Posted on Friday 19 November 2021

Patrick’s story: “The search immediately came up with Leukaemia and that’s when I knew”

“It’s hard to describe the moment we were told Patrick had cancer. I remember walking down the hospital and I just felt sick, not knowing what to do with myself.”

When his sporty and lively six-year-old son Patrick had no energy over Christmas and wasn’t acting like himself, Dad Gerard started to worry. His parents were told it was most likely a ‘Christmas virus’ but a few weeks later, Patrick still wasn’t any better so they took him into hospital.

“After the bloods were taken we were approached by a doctor who was asking lots of questions, they seemed to be the same questions over and over again; at that point I knew something wasn’t right”

Patrick was later transferred to an isolation ward at St George’s hospital. That’s when the doctor started to go into more detail about Patrick’s blood tests.

“Some of his blood counts were really low and others really high, we received all of this overwhelming information but weren’t told of a definite diagnosis.”

Gerard had to leave the hospital to pick up their daughter, who had been at school. When he got home, he started to look up what the doctor had said about Patrick’s bloods on the internet.

“The search immediately came up with Leukaemia and that’s when I knew.”

The following day, Gerard spoke to the doctors about the research he had done and the doctors said it could be leukaemia but they needed to do more tests to confirm.

“It was the days leading up to the diagnosis that stick with me, it was traumatic, we didn’t know exactly what was wrong but we knew it was something serious.”

They eventually received Patrick’s diagnosis on the 8th January 2019.

Patrick has been having treatment for the past two years or so since his diagnosis. He has to have a lumbar puncture every month, which effects his appetite. However, he also takes a course of steroids which make his appetite go through the roof so it is a challenge for his parents to manage the balance.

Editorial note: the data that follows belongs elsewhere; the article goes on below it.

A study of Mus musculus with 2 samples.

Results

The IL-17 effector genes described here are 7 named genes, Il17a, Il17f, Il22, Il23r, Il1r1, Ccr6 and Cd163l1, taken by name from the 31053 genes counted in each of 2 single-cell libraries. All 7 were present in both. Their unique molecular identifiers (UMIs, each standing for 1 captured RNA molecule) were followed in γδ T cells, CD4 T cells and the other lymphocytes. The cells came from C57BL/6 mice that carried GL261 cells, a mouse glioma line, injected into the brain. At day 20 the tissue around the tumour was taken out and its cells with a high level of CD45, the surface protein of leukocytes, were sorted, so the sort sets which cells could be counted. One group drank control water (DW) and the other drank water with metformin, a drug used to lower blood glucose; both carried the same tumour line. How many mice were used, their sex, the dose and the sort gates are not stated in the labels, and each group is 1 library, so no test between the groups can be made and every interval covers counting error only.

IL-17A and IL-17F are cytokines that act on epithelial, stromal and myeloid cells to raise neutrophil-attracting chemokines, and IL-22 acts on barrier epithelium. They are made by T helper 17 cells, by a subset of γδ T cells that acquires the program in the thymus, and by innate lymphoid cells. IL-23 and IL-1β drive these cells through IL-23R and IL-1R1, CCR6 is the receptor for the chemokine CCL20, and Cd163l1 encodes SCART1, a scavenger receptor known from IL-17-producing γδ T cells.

Patrick has also lost his hair several times, due to the duration of his treatment.

“He would pull his hair out because of the medication he was on which was really upsetting. We’ve had to stop him from pulling his hair out on several occasions.”

Just after receiving Patrick’s diagnosis, they were introduced to Lucy, their Young Lives vs Cancer social worker. Since meeting, Lucy has been a great support to the whole family.

“Lucy was the first person we had come across that didn’t tell us negative news, she told us how she would support us and provided us with some reassurance.”

As well as generally being there for the family and brining positivity to their experience, Lucy was specifically supportive to Gerard. Just eight days after Patrick was diagnosed, Gerard’s Dad passed away. Lucy helped Gerard during this tough time.

“I didn’t know what to do, I had to keep strong for my children, my wife and my mum. I cannot begin to tell you how much Lucy helped. She was so caring and was genuinely upset she was when she heard about my Dad. You could just tell that she was the perfect person for the job she was doing.”

As well as emotional support, Lucy also helped the family to access financial support to help face the costs of a cancer diagnosis.

“The grants provided by Young Lives vs Cancer are a lifeline. I had to stop working to look after Patrick. If we weren’t getting the money we are from the grants I don’t know what we would do.

“Lucy was so brilliant, she showed us how to fill out all the awful forms we were faced with, and she was the only person that offered us any help with things like that.”